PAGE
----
This year, as we emerge from a very wet winter (for a welcome change), it’s again time to make sure our property is fire abated. There is low fire danger as of now but that will change very quickly moving forward. Do not let the wet winter lull you into a sense of security when it comes to wildland fire probability. The forest will dry out all too soon.
An abundant grass crop is appearing from the deserts to the mountains. And it’s already cured in the lower deserts. This trend will follow, increasing in elevation until all of the annual grass is ready to burn.
Unfortunately for us this year, we will probably see grass continue to grow even after our first abatement inspection (Idyllwild Fire Department will begin inspecting April 15). Many homeowners only worry about passing their inspection.
However, protecting your home from wildland fire is a yearlong project, especially after a wet winter. It’s not incumbent on the fire agencies to remind you over and over again about keeping your property abated. We all need to know the standards and maintain our homes and cabins to that standard all year long!
Again last year, fires transitioned from the wildland into neighborhoods, destroying many hundreds of homes and businesses at a time, and, sadly, killing many homeowners. During extreme fire conditions, evacuation should be your only goal.
Cal Fire’s Ready-Set-Go program is a must read for all of us who live in the wildland urban interface ( Having a plan prior to an emergency can be the difference between surviving or not.
For those who may not know, the Mountain Communities Fire Safe Council stands ready to help families get their abatement done and comply with Public Resources Code 4291 (State of California fire abatement standards). We are a 501(c)(3) nonprofit organization. We have two paid members — Edwina Scott, executive director, and Pete Coy, project manager. Our five-member Board of Directors is all volunteer, as is our working group — the Woodies (20 members).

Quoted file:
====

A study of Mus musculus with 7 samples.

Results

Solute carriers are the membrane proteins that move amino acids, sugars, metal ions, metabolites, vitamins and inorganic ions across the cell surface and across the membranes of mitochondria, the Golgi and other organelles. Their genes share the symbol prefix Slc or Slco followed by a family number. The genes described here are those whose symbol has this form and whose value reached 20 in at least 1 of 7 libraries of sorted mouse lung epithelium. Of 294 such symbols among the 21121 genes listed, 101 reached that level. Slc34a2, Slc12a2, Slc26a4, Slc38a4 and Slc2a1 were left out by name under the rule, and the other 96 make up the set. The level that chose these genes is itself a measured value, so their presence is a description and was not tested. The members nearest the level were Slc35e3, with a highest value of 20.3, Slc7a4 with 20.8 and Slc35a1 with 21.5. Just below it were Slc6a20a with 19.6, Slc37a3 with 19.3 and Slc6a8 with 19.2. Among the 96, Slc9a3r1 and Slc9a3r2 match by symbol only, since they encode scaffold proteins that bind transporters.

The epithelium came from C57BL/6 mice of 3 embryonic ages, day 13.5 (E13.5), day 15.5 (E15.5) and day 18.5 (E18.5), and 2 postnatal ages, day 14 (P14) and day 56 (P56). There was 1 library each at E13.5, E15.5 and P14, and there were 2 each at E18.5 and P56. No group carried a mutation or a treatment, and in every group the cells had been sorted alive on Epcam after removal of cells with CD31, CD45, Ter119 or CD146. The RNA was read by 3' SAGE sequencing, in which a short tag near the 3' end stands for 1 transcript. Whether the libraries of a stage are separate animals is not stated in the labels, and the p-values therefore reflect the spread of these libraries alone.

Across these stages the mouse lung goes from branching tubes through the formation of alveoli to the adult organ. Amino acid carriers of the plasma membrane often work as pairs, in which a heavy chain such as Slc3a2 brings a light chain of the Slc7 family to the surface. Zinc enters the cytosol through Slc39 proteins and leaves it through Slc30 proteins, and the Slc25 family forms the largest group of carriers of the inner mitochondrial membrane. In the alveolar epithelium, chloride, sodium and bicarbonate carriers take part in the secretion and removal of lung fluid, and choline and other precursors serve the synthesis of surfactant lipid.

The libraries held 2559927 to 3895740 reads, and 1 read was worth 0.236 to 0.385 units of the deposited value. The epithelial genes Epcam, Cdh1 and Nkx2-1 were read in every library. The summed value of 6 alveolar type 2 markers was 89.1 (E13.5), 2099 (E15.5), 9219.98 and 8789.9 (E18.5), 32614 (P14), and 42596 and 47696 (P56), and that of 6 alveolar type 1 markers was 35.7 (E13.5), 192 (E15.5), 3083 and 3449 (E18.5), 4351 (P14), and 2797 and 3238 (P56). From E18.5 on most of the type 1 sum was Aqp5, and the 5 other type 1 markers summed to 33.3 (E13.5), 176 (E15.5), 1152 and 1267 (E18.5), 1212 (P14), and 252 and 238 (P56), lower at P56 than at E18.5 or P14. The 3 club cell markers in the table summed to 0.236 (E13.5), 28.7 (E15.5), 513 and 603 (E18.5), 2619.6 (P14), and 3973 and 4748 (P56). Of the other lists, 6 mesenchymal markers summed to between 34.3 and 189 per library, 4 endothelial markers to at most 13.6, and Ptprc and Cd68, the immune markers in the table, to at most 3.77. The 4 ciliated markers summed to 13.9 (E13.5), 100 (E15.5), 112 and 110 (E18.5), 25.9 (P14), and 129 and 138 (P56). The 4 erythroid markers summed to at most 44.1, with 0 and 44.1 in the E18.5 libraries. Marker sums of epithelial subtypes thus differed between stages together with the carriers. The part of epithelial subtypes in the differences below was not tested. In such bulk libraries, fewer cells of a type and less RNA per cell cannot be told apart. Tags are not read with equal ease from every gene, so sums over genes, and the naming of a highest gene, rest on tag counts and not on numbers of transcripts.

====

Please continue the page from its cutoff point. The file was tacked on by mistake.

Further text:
MCFSC is funded through grants from the U.S. Forest Service, Cal Fire and Riverside County Fire, as well as donations from the public and civic groups. The grants are 65/35 grants so the homeowner only pays 35 percent of the total abatement cost.
One hundred percent of the grant monies go to contractors who do the actual abatement. The 35 percent the homeowner pays and public donations go to public education (biannual newsletter and public functions) and MCFSC operating costs.
As stated earlier, Idyllwild Fire and also Cal Fire are beginning their abatement inspections soon, so your property cleanup should begin now.
If the job is too big for you or you need information, call MCFSC at 951-659-6208. Our contractors normally do not do small-yard cleanup jobs. However, if you need brush or trees removed that are fire hazards, we can assist with that. No work is done until you approve the plan and the price.
Let us start contributing to a large pile of green waste at the transfer station. We appreciate all of your efforts.